When good day can quickly become deflated


Even when I was in London I was wishing I had an electrically heated overcoat. I got home at 7pm had something to eat and was in bed for 8pm. Happy days.

I had left my cab at a local garage for some diagnostic work to be undertaken whilst I was away and had to pick it up the following morning.

I awoke on Tuesday morning ready to take on the world.

I had such a refreshing sleep after the rigours of the previous day, I gently wakened the dragon, oops, the missus and was invited to put the kettle on but thought better.

I said no, come on let’s get the cab picked up first and then we can come back and relax. And so it was, we drove up to the garage.

As we approached the garage my partner noticed that I had a flat tyre. I immediately thought to myself piece of cake. But no, things don’t always go to plan. I made a quick assessment and felt there was enough air to get me to the nearest garage. Bad decision. When I got to the garage, which is less than one mile from where I set off, the tyre was beyond help.

I couldn’t get air into it and so was now rooting about in the boot for all the essentials to get the tyre changed round. I got the jack and wheel brace out, slackened the bolts on the wheel then positioned the jack.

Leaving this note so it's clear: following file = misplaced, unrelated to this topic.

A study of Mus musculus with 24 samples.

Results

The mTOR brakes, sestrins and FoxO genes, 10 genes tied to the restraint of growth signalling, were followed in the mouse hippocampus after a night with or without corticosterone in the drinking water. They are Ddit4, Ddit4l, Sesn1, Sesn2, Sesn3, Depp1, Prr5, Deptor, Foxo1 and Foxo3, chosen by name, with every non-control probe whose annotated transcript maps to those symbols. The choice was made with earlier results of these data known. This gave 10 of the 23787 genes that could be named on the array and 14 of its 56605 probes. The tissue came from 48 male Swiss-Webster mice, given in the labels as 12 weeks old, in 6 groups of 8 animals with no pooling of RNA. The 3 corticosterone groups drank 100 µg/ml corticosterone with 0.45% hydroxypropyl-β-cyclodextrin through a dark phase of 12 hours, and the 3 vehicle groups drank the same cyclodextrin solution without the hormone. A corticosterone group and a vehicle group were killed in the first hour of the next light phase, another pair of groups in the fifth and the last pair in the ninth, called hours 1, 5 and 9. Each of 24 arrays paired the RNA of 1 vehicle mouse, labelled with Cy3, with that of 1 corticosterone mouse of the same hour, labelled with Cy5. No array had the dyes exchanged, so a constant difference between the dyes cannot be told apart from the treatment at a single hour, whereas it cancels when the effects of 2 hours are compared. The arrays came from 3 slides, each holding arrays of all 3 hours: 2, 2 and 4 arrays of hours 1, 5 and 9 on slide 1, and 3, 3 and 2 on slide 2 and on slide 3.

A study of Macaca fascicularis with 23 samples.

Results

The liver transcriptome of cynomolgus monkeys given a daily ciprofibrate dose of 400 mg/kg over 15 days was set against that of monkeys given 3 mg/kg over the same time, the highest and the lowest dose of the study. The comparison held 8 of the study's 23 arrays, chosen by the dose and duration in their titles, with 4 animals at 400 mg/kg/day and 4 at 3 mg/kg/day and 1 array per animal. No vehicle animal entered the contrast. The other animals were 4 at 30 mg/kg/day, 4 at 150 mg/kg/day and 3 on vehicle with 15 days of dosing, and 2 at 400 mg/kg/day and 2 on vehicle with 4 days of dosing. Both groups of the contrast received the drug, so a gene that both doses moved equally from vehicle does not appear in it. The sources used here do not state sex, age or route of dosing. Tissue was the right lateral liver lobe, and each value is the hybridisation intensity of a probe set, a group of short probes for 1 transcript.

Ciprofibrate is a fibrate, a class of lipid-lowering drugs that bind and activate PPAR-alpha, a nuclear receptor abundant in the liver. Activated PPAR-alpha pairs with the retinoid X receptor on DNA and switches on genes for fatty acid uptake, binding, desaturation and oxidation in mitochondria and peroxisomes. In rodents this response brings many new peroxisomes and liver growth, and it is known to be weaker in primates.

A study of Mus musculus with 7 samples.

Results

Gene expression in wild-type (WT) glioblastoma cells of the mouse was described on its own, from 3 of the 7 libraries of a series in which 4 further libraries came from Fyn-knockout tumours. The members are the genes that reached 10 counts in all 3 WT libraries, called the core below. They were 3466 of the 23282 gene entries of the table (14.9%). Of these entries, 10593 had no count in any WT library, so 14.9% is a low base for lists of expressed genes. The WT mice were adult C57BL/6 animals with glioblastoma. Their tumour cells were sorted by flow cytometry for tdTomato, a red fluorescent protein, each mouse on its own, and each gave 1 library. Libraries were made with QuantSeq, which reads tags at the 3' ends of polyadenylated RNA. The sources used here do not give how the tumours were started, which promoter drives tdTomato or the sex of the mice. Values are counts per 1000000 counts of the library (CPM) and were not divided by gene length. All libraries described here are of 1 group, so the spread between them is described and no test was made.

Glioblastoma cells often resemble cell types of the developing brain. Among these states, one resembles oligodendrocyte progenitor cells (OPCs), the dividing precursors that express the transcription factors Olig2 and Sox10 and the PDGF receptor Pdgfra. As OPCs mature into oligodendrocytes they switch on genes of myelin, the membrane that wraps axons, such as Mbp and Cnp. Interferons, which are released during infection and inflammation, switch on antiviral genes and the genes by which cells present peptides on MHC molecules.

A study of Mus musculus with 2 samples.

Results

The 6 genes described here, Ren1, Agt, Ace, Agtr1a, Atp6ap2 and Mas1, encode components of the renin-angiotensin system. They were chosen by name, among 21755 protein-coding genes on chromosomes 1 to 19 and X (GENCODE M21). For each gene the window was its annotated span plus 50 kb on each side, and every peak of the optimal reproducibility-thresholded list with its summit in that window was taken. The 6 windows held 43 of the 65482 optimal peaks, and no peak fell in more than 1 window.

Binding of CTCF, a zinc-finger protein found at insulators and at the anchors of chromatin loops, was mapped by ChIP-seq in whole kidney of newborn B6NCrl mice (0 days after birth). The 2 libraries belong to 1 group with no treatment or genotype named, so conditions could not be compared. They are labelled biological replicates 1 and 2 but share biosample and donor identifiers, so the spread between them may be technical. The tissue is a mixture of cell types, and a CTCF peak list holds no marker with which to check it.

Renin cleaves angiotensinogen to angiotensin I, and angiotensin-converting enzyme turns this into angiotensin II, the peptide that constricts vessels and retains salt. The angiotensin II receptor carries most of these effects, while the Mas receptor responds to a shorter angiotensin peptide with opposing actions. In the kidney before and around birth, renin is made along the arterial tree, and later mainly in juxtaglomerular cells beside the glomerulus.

I started jacking up readying myself to change the wheel. As I got to the halfway point I noticed the jack wasn’t doing its work. I noticed it was bending slightly which prevented it from operating any further. All of this and its minus five degrees. I’m lying on the floor rolling about trying to sort the situation out cursing to myself at my own stupidity.

My own trolley jack was lying in the house. I hadn’t got round to putting it into my cab, after a friend had borrowed it. Total despair!

I was now half an hour away from picking up my first job. I realised I was snookered. I got on to the phone to a fellow cabbie but his phone rang out. I quickly tried another colleague and bleated the situation to him. He couldn’t help, but knew someone who could.

Thank the lord. I then phoned the local garage which I knew would be opening its doors. I explained the situation with the jack and asked how long it would be to get out to me. The guy said at least half an hour. I thought to myself that’s fine I’ll just get a butty and a drink and have a smoke to pass the time.

I scurried of into the sanctuary of the garage and gorged myself on a sausage butty, washed down with some really sweet coffee.

But while eating my feast I got some unusual looks from some of the other customers. What did they expect me to do, stand outside in the freezing cold and eat it. I think not!